Defend Religious Liberty for All Despite Our Differences

Defend Religious Liberty for All Despite Our Differences

Many advocates of religious freedom do not recognize my religion’s legitimacy, or even its right to exist. One report found that, since 2015, Republican officials in 49 states have publicly attacked Islam, some even questioning its legitimacy as a religion. Political tribalism is not new, but its replacement of religious faith in some cases and unholy fusion with religious faith in others has led to a distinctly contemporary threat. But there are believers dedicated to a hopeful and principles-based religious liberty.

I recently attended the inaugural Religious Liberty Summit hosted by the Religious Liberty Initiative at Notre Dame Law School, where attendees' religious differences were obvious even to a casual observer. At this leading Catholic university, I watched a Jewish Rabbi praise a Mormon author. And as Rabbi Dr. Soloveichik spoke, I glanced up and saw an Elder from the Church of Jesus Christ of Latter-Day Saints, a Catholic cardinal, and a notable Protestant leader sitting side by side. I saw secular agnostics and devout believers — reporters, advocates, and pundits. For all the differences in that room, there was a comfortable warmness, academic and earnest. It was apparent that the leaders who had gathered there shared an understanding that religious freedom is about our individual dignity as human beings and the demands of conscience. 

Sitting inside that Catholic university, I remembered "Dignitatis Humanae," Catholicism’s definitive 1965 document about religious liberty: “The truth cannot impose itself except by virtue of its own truth, as it makes its entrance into the mind at once quietly and with power.” The document also argues that free will — free search — is foundational: “The inquiry is to be free, carried on with the aid of teaching or instruction, communication and dialogue, in the course of which men explain to one another the truth they have discovered, or think they have discovered, in order thus to assist one another in the quest for truth.” Religious liberty as a whole is at risk when a society embraces the idea that some searches for truth are invalid because of where they lead.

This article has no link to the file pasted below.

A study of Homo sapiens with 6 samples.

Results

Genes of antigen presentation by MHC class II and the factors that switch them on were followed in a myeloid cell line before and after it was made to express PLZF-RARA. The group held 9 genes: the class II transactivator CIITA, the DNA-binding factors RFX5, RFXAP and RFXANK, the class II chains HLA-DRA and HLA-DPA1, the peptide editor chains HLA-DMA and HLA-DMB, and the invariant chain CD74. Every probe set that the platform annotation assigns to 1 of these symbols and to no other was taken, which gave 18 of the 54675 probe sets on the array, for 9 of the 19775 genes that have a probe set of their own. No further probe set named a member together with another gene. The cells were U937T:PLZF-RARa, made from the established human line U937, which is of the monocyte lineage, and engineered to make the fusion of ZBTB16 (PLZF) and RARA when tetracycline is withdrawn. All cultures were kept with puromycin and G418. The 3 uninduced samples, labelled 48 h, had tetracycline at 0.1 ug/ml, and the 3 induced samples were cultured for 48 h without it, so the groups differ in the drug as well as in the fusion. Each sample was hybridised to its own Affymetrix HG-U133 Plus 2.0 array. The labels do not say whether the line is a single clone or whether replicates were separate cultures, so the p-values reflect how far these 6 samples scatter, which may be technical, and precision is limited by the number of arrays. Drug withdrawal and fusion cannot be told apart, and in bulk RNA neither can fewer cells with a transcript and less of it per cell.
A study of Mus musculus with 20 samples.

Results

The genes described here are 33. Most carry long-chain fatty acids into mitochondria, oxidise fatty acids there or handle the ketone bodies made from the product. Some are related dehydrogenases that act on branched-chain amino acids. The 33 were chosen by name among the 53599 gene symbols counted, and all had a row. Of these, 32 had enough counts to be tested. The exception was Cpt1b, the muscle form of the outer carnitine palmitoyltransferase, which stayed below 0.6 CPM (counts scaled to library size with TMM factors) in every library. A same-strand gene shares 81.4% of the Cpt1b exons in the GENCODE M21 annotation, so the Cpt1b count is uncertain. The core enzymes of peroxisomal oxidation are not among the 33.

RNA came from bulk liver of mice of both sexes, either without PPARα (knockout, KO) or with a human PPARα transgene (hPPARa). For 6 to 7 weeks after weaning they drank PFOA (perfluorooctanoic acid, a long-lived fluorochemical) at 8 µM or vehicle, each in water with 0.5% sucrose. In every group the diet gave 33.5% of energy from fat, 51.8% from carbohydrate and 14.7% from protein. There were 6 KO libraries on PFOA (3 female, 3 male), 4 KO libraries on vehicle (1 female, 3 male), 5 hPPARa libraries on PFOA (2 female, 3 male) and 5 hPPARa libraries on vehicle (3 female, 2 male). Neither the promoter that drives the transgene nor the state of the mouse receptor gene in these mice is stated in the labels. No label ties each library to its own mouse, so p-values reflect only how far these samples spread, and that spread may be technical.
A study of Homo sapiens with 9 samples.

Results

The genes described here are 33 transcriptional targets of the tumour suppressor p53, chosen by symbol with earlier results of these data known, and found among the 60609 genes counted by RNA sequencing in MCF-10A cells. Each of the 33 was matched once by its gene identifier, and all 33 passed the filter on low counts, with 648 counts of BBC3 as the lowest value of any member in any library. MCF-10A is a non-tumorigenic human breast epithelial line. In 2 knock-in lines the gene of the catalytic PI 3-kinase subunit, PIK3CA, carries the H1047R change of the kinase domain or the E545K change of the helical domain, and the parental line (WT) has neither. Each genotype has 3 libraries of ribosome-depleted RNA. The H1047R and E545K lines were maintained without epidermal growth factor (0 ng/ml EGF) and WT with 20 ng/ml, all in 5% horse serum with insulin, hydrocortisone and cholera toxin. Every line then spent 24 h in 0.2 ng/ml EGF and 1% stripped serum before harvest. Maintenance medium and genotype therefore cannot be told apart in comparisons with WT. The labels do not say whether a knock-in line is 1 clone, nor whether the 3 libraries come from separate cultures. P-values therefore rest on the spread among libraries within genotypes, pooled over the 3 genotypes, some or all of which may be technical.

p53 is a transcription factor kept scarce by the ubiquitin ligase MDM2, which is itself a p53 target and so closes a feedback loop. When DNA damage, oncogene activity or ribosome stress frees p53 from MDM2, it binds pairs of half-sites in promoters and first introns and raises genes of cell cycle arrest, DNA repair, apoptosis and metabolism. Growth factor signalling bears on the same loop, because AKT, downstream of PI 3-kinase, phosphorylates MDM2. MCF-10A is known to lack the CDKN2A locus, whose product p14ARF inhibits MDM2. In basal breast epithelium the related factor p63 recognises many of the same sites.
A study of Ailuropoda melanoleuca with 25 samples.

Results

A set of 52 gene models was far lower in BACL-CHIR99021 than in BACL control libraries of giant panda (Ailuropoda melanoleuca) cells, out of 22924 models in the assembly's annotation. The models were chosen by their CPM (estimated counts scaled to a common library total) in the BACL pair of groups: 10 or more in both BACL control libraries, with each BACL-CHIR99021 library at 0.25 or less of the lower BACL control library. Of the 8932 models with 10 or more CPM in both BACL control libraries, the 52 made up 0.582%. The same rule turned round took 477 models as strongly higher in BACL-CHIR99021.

I worked for years at a religious liberty law firm that was interested in this pursuit of conscience and openness to belief. Its founder was well known for arguing that religious liberty is not about who God is, but who we are. A pluralist society can respect the individual dignity of its members and their pursuit of conscience without demonizing their faiths. Alexis de Tocqueville rightly observed that a robust civil society is critical to the success of a democratic government and the well-being of its citizens. Religious freedom is the cornerstone of our civil society, and the ministries that faith-based nonprofits provide are vital to millions of Americans.

Religious freedom for everyone, including, I’d argue, especially for Muslims like me, is the only way we’ll get the principle right. Sometimes the best antidote to division is to be in the rooms where we find ourselves, fully present, engaging with those different from us as we all pursue the truth together.

Asma T. Uddin is a religious liberty lawyer and scholar and she's the author of the new book, "The Politics of Vulnerability: How to Heal Muslim-Christian Relations in a Post-Christian America: Today's Threat to Religion and Religious Freedom."